Jono Searle/AAP PHOTOS

The reliability of Australia's energy supply will be under significant risk unless there is urgent investment in new sources of electricity and transmission, the national energy market regulator has warned.

The latest Electricity Statement of Opportunities (ESOO), released on Thursday, provides an outlook for the National Electricity Market in the coming decade.

It was not a forecast but rather a guide to inform planning and policy decisions, Australian Energy Market Operator chief executive Daniel Westerman said.

"It's a signal to investors that the viability gaps do exist and points investors to where and when they need to be filled," he said.

About 62 per cent of Australia's coal power stations are expected to be retired by 2023, with unplanned outages from the ageing fleet also posing risks to grid stability.

Planned generation, storage and transmission supported by government programs "must be delivered urgently" because any delay would likely put reliability at risk over the coming decade, the statement said.

Reliability risks are forecast to exceed standards in several states in coming years, and as soon as the coming summer in Victoria and South Australia.

The hotter and drier conditions would likely increase peak demand for electricity, Mr Westerman said.

"When there are multiple days of very hot weather, low wind and unplanned outages from coal-fired power stations, that's when we can get into tight situations between supply and demand," he said.

"Before this summer, we are connecting new renewable projects and storage projects and importantly a new gas power station.

"We're working towards connecting with the new generation that will replace our old coal-fired power stations. That is our best way forward."

Director at think tank Climate Energy Finance, Tim Buckley, said urgent action was needed from state and federal governments.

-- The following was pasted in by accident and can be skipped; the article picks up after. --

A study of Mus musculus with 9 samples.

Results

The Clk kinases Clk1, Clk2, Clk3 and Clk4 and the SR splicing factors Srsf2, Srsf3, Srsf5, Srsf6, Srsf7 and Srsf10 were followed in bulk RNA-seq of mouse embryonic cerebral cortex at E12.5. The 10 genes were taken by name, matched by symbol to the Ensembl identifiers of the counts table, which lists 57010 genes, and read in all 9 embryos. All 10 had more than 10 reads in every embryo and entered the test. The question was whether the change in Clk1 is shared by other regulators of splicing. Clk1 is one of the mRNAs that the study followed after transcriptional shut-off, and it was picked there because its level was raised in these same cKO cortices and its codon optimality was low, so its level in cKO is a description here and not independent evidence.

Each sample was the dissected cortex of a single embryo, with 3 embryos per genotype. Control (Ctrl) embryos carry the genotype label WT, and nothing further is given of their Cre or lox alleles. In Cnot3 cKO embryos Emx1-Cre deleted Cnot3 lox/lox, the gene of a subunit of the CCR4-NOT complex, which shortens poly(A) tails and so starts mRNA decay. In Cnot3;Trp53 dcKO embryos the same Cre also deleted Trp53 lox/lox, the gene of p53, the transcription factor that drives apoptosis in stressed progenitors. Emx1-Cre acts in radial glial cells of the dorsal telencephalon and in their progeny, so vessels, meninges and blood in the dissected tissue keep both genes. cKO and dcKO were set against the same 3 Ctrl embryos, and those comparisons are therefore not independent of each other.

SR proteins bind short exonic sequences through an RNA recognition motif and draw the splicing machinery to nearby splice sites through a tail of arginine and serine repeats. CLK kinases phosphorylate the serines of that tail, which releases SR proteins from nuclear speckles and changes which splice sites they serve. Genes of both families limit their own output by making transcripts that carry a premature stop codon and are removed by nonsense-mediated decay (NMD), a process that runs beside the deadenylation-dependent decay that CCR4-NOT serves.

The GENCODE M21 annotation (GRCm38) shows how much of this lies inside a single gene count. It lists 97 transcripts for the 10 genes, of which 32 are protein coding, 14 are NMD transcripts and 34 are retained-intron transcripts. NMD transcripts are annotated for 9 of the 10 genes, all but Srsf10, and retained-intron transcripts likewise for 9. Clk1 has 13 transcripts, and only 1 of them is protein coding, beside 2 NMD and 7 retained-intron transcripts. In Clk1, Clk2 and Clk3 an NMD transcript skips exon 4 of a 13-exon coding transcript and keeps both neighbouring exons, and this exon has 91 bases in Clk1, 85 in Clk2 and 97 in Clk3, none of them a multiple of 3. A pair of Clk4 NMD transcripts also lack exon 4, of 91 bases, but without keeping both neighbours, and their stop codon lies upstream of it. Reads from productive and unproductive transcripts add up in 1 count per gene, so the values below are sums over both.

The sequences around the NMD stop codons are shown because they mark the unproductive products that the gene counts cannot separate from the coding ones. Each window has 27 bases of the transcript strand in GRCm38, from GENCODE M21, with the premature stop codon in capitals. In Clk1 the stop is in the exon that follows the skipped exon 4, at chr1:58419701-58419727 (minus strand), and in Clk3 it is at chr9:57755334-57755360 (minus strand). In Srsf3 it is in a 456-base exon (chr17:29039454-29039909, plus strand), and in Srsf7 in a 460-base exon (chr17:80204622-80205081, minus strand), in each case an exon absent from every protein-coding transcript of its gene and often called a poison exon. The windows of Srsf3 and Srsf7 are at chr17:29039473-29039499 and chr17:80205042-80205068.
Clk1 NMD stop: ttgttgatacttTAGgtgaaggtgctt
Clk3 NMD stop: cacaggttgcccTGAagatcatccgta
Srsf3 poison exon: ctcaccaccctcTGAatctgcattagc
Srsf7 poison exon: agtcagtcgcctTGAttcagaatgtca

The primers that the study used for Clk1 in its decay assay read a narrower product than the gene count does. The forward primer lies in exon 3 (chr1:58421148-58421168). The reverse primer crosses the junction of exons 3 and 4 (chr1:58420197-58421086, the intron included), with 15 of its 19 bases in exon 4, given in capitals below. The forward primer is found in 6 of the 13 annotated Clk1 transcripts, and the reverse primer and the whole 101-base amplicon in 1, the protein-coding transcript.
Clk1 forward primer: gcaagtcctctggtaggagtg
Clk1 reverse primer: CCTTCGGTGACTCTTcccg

"Accelerating the pace of energy transformation and transitioning our grid is critical to ensuring reliable energy supply and solving the current energy crisis," he said.

Energy Minister Chris Bowen said the past five ESOO reports under the coalition government flagged supply concerns, heightened risks from coal outages and the need to incentivise continued supply.

"Over the last decade, four gigawatts of dispatchable energy left the national energy market and only one gigawatt came on. That means the system is very tight," he said. 

"We have a lot of catching up to do but that catching up has begun and will continue to."

Asked if the former coalition government should take any responsibility for the concerning state of the energy system, Liberal senator James Paterson said there had been "record investment" in renewables. 

As a senator for Victoria, he was unsurprised the state was facing the possibility of blackouts under the Andrews government's energy policies.

"When you've got a state government here in Victoria which is putting extra taxes on coal-fired power generation, that has led to the inevitable circumstances we're seeing right now," he said.

But Victorian Premier Daniel Andrews said he would not apologise for pushing forward with renewable energy projects.

"You can cling to the past and pretend that it's a fossil fuel future or you can work really hard every single day to make sure that we've got more renewable energy," he said.

"We choose to work hard every day and that's exactly what we'll keep on doing."

The Australian Petroleum Production and Exploration Association said the answer to the looming energy crisis was gas.

"Gas is the safety net we need as we transform our electricity system," chief executive Samantha McCulloch said.

"Governments must start listening to the repeated warnings from independent authorities of the need for new gas supply."